Criminologist to lead research on illegal drug use in Slovakia

10/05/05

A University of Liverpool criminologist has been commissioned by the Slovak government to investigate the social and economic costs of illegal drug use in the country.

A University of Liverpool criminologist has been commissioned by the Slovak government to investigate the social and economic costs of illegal drug use in the country.

In the UK it is estimated that the use of Class A drugs, such as heroin, costs the NHS and criminal justice system over 10 billion every year.

In a new project funded by the EU, Professor Cindy Fazey, from the University's Department of Sociology, Social Policy and Social Work, will collate and analyse official data for the Slovak government in areas such as arrests, cost of drug treatment and imprisonment.

This work builds on Professor Fazey's analysis of drug dependency clinics in Liverpool and North West England for the UK government and regional health authorities. Her research focused on the social environment of drug users, which has assisted in pinpointing 'epidemics' of drug use.

Professor Fazey said: "Our findings will help the Slovak government measure the impact of illegal drugs on the country and help to formulate, refine and target appropriate policies. The evaluation will also highlight areas that are lacking official data.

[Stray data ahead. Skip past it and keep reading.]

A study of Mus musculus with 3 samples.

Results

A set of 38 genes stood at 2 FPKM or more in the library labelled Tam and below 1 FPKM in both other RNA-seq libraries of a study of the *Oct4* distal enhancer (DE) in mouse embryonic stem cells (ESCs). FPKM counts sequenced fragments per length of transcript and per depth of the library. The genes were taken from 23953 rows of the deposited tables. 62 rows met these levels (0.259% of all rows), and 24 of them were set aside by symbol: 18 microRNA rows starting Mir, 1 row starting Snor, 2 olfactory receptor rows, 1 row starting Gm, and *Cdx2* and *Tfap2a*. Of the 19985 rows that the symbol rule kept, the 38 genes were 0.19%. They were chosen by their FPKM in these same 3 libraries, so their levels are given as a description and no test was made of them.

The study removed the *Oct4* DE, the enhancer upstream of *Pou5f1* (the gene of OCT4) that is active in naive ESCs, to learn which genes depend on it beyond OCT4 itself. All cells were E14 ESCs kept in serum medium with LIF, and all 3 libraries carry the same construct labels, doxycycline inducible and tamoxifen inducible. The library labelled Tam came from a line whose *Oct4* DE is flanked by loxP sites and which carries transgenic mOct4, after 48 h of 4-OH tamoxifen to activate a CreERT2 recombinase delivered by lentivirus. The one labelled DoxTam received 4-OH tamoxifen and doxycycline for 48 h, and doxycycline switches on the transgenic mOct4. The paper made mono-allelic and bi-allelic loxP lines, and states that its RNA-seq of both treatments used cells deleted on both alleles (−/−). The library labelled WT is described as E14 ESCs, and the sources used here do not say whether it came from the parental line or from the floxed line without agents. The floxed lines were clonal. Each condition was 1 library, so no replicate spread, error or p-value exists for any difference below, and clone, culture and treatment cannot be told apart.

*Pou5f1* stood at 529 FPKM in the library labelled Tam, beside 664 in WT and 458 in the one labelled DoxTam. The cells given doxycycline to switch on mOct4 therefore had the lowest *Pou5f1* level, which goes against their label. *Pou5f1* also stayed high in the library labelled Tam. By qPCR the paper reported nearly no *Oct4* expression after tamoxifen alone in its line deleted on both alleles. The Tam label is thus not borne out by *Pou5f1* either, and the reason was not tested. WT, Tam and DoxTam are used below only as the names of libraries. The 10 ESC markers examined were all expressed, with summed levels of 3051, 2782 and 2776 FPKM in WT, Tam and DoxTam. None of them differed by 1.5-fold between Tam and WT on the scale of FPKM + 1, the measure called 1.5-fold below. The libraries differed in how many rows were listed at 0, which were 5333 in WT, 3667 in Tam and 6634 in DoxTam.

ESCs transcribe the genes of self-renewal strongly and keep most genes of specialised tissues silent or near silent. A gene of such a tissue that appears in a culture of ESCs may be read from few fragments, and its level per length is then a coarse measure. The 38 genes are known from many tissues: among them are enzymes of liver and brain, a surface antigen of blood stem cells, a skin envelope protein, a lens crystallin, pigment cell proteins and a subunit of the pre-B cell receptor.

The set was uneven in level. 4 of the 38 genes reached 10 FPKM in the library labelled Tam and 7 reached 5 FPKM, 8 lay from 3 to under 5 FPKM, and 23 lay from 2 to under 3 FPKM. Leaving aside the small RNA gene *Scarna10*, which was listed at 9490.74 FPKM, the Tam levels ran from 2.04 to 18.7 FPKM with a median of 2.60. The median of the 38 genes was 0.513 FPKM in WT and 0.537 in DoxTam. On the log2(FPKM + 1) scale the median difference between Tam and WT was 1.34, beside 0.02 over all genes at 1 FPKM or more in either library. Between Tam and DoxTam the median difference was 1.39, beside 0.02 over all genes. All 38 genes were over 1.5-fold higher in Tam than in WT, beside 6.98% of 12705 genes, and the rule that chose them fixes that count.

"We will look at, for example, A&E records and the kind of treatments administered, the drug the patient was taking and the condition they arrived in. It is uncertain whether all this information exists and if not it is important that we highlight this.

"I hope to contribute to the development of a methodology of research that can be used by governments and policy makers all over the world, as it is essential that we maintain rational and effective means of dealing with the problems caused by illegal drugs."

Professor Fazey started her career at the University in 1998 after spending eight years with the United Nations Drug Control Programme in Vienna. She was the United Nations International Drug Control Programme's (UNDCP) First Chief of Demand Reduction, and drafted the UN Declaration on the Guiding Principles of Reducing Demand for Illicit Drugs.